This exhibit is bold: Its dim lighting, no-nonsense typeface and imposing color scheme — consisting exclusively of red, white, and grey — sets it apart from its delicately-furnished, well-lit gallery neighbors. Viewers are greeted with distant bugle calls or muted applause originating from the corner of the gallery, where clips of nationalistic, leader-idolizing films — from across the globe — are screened. The sounds beckon: Voices of past leaders, though antiquated by recording, are still charismatic, and the war songs are embarrassingly catchy.
Those films, despite being outdated, have preserved much of their persuasive power. But motion pictures barely scrape the surface of this gallery. Bright murals of political cartoons, for example, juxtapose the otherwise-monochrome walls; their whimsical, comical depictions betray their far more frightening messages — of soldiers rallying beside their countrymen’s graves or of world rulers, lost in ambition, unaware of the invasion of their home.
But most powerful of all are the 150-odd postcards carefully curated throughout the gallery. Drawn from the Leonard A. Lauder Postcard Archive — the largest such collection globally — these small, quarter-page mementos reflect the rhetoric and zeitgeist of the time, as well as the implications therein. More importantly, however, the exhibit highlights how media from across the world sought to motivate and persuade their nation’s civilians in strikingly similar ways.
The gallery is divided not by countries, but by themes. Postcards with commonalities or identical goals are placed together, despite hailing from entirely different premises and people. Among the featured art are Italian and Spanish postcards featuring soldiers valiantly fighting, German and American photographs of rallying civilians, and British and Russian posters of menacing figures, intended to coerce the populace through guilt. Images of leaders reflect similar themes: Beside a saluting Douglas MacArthur is Benito Mussolini steering his boat and Vladmir Lenin directing a revolution. Particularly telling are similarities in symbolism and abstraction: One especially powerful collection features six posters from six countries, each featuring a proudly-emblazoned “V” for victory — in typeface too close for coincidence.
But alongside motivational rhetoric comes hateful propaganda. The gallery’s “Them” section — dedicated to enemy portrayals — is rife with grotesque and discriminatory images drawn from all sides, from faceless leaders to leaders with only faces, from bastardizations of world rulers to illustrations of veritable monsters. This divisiveness is most strongly felt, however, in collections on postcards evolving through time — reiterative stereotypes of the Soviet bogeyman in proletarian art and the bloodied image of German Emperor Wilhelm II are particularly perturbing. Among it all, too, were images of civilians. Featuring ordinary individuals served to create prejudicial, nationalistic fervor without making war seem as nearby or as horrid as in reality.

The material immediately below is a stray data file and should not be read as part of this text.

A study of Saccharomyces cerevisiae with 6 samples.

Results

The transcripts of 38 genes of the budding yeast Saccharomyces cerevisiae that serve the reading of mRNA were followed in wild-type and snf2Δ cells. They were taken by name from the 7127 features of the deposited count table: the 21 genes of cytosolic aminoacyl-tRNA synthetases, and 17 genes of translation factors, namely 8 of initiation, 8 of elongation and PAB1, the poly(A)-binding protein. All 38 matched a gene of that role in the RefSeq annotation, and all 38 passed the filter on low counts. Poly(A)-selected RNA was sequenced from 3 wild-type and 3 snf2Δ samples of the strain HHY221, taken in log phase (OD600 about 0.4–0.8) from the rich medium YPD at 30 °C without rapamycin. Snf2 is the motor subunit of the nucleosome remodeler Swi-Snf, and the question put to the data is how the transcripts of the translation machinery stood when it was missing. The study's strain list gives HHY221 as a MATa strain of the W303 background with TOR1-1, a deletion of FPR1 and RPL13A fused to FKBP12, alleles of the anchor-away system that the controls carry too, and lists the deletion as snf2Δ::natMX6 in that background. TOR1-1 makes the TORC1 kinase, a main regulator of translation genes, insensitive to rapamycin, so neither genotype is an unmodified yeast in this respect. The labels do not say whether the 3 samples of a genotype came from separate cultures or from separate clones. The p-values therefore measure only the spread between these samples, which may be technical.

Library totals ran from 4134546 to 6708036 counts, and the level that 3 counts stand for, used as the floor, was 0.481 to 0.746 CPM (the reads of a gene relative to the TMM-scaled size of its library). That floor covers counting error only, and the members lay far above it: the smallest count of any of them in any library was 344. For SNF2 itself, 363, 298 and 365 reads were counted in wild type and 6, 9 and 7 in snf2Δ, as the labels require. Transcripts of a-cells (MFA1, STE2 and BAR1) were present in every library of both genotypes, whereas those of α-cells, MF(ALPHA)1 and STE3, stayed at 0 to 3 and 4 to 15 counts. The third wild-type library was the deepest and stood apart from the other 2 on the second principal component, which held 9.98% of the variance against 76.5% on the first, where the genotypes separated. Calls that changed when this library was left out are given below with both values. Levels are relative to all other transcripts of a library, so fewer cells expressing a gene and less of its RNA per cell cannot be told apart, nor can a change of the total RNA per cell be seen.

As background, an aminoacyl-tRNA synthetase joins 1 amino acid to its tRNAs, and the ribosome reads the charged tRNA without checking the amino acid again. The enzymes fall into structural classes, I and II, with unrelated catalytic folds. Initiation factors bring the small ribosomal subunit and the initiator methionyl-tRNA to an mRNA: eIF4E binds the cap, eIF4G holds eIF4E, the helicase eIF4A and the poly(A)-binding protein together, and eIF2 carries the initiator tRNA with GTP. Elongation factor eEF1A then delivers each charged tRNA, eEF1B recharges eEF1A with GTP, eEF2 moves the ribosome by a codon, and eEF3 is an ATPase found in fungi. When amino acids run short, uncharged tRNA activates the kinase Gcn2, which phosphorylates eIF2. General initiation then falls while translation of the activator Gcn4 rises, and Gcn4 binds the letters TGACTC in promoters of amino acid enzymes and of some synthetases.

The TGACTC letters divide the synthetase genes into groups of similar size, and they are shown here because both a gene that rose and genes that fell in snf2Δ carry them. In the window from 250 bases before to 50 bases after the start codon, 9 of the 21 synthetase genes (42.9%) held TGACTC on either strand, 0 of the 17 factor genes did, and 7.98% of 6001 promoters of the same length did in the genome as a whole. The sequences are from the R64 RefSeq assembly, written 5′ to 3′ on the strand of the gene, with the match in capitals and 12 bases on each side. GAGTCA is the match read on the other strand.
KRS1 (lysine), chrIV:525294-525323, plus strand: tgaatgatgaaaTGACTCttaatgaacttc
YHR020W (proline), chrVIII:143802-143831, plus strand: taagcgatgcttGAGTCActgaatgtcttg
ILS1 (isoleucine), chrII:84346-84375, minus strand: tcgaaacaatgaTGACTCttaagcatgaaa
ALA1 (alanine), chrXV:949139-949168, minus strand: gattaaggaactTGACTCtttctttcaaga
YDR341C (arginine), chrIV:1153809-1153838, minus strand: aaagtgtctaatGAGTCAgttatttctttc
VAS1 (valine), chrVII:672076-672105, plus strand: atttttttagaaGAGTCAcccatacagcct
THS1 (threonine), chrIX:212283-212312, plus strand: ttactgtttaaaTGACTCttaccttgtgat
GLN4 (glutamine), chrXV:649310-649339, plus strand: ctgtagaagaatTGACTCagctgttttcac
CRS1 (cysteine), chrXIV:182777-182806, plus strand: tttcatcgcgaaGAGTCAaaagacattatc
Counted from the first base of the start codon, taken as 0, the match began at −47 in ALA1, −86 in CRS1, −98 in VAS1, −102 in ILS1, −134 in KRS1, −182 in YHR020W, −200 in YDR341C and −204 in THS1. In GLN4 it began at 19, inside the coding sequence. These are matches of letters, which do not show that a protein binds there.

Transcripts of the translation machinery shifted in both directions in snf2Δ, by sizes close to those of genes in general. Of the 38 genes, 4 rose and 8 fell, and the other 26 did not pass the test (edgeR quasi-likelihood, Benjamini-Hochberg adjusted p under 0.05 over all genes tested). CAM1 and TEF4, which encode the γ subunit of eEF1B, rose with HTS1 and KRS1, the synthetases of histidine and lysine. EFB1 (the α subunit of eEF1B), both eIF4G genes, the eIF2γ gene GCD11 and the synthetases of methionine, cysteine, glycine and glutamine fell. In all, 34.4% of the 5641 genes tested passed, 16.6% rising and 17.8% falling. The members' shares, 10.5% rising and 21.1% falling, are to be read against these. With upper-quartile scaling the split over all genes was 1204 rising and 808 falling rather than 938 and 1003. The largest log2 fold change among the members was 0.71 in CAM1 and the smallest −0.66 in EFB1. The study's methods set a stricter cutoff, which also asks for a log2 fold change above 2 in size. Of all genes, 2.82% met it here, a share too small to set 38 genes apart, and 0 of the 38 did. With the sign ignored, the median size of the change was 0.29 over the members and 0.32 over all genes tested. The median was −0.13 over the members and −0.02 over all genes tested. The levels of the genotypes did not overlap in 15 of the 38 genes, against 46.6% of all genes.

The propaganda machine — where postcards, being accessible and homely, are paramount — connected the ambitious, often-absurd beliefs of bureaucracy to civilians. Through this support, governmental plans were actualized and enhanced. Alas, it, in part, stimulated the extreme global fragmentation of the early 20th century. Yet, “The Art of Influence” tells another tale. In fact, how society is persuaded and made afraid — fundamental forms of human interaction — is shown to be incredibly unified, as is the methodology and ideology used to perform these actions. In a stroke of bitter irony, the instruments of conflict, and the chaos that thereby ensued, revealed the importance of cooperation.
Propaganda, to this extent, may seem distant, but it lingers even today. Among the videos shown at “the Art of Influence” is an interview with former employees of Cambridge Analytica, an organization that used data to manipulate behavior and instigate scandal, reminding us that propaganda is not as far away from today’s society as one might imagine. Furthermore, the portrayal of “Us” and “Them” on equally somber-grey walls points toward the similarities in the situational propaganda between enemies and through time.
“The Art of Influence” pays homage to media development over its historical scope, showing how it served to bring together as it did to break apart. It presents history such that commonalities precede differences, without discounting the gravity of divisive strife, while linking the lasting impacts of propaganda from past through present, reminding viewers of its danger. It is, like the media it passionately describes, a mosaic of persuasion, emotion and power that will leave visitors with a different perspective. But unlike propaganda, this angle will almost certainly be more enlightened, more robust — more whole.
“The Art of Influence: Propaganda Postcards from the Era of World Wars” exhibit will be on display until Jan. 21, 2019.